EPJ D Highlight - Probing neptunium’s atomic structure with laser spectroscopy

The mass separator used in the experiments. Green: ion trajectory; blue and violet, laser beams. Credit: EPJ, Kaja et al.

A new technique developed by researchers in Germany can measure ionisation states of this element more precisely than before, with implications for its detection and remediation in radioactive waste.

The radioactive element neptunium is one of the principal components of nuclear waste. Mass spectrometry can be used to probe its complex atomic structure, which is of value both for its intrinsic interest and for determining the isotope composition of neptunium waste. Magdalena Kaja at Johannes Gutenberg University, Mainz, Germany and her co-workers have now demonstrated a novel method of laser spectroscopy that can analyse the ionisation potential of neptunium more precisely than earlier methods. This work is now published in the journal EPJ D.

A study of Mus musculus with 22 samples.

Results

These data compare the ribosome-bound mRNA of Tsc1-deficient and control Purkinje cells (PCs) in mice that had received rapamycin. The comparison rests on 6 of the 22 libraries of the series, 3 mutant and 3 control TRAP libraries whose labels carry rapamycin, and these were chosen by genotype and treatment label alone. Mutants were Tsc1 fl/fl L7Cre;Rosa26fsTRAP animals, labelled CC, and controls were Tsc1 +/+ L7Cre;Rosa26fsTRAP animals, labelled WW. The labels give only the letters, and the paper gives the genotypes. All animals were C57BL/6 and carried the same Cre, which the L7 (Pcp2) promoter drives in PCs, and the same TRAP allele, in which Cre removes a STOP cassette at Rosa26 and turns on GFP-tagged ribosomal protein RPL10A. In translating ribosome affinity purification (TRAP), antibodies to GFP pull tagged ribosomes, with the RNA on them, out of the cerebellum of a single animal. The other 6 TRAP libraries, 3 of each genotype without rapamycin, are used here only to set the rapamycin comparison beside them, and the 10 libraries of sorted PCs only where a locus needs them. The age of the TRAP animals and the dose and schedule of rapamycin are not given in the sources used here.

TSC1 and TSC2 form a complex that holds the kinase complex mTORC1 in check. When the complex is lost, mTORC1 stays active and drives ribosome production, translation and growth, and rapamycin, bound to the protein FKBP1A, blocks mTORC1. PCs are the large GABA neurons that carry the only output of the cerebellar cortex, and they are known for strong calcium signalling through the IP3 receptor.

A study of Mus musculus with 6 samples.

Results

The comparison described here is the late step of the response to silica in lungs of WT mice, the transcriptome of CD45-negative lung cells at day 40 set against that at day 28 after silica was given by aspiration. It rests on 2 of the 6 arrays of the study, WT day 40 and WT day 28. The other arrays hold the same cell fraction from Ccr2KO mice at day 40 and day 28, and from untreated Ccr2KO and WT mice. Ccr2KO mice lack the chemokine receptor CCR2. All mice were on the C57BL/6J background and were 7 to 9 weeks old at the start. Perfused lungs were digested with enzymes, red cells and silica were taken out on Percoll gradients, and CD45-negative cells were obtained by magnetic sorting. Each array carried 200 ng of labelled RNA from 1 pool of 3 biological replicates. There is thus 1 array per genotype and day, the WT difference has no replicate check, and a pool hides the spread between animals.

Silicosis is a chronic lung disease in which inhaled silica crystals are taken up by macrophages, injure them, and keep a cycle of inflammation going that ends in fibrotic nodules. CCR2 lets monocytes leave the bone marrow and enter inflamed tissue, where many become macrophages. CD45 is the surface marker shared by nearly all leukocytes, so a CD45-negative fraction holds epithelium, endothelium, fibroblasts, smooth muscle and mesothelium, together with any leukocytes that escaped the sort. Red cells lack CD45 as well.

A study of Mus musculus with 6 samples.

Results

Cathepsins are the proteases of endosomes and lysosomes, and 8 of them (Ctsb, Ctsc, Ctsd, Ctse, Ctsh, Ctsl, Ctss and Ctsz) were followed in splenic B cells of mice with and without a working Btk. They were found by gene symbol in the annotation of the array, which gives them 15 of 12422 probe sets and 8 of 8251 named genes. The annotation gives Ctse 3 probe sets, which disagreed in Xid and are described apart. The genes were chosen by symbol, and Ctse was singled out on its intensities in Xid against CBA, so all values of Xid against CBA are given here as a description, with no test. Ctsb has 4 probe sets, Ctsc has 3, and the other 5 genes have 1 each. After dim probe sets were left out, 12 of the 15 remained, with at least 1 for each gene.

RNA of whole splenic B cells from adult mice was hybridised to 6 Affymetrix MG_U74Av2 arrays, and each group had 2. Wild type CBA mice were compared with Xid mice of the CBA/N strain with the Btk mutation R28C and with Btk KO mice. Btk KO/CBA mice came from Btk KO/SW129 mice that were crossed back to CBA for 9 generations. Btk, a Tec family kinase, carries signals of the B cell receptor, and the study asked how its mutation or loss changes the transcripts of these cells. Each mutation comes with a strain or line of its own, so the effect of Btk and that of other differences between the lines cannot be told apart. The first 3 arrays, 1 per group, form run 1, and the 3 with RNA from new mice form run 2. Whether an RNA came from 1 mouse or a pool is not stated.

Neptunium, an actinide metal, sits next to uranium in the Periodic Table with an atomic number of 93; almost self-evidently, its name derives from the planet beyond Uranus in the Solar System, Neptune. It has no fewer than 25 known isotopes. Most of these are very short-lived, but the most stable, neptunium-237 (237Np) has a half-life of over 2 million years. It is largely this isotope that makes it so dangerous as a nuclear contaminant.

The samples of neptunium isotopes that are available for this type of analysis are tiny: they generally comprise only a few atoms of an isotope. “Multistep resonance ionisation using a laser source has been proven to be the most useful technique for this, providing high sensitivity, specificity and precision”, explains Kaja. The state-of-the-art apparatus that she and her colleagues used incorporates a solid-state titanium: sapphire laser system, a refined laser ion source and a high transmission mass separator.

The researchers used this technique to measure the first ionisation energy of neptunium: that is, the energy needed to remove a first electron from its outermost electron shell, forming a positive ion. The value they determined, 6.265608(19) eV, agrees well with the values reported in the literature but is more than ten times as precise as any of them. “We now aim to extend our investigations to rare neptunium isotopes”, adds Kaja. The techniques can also be used to detect and analyse traces of neptunium in radioactive contaminants.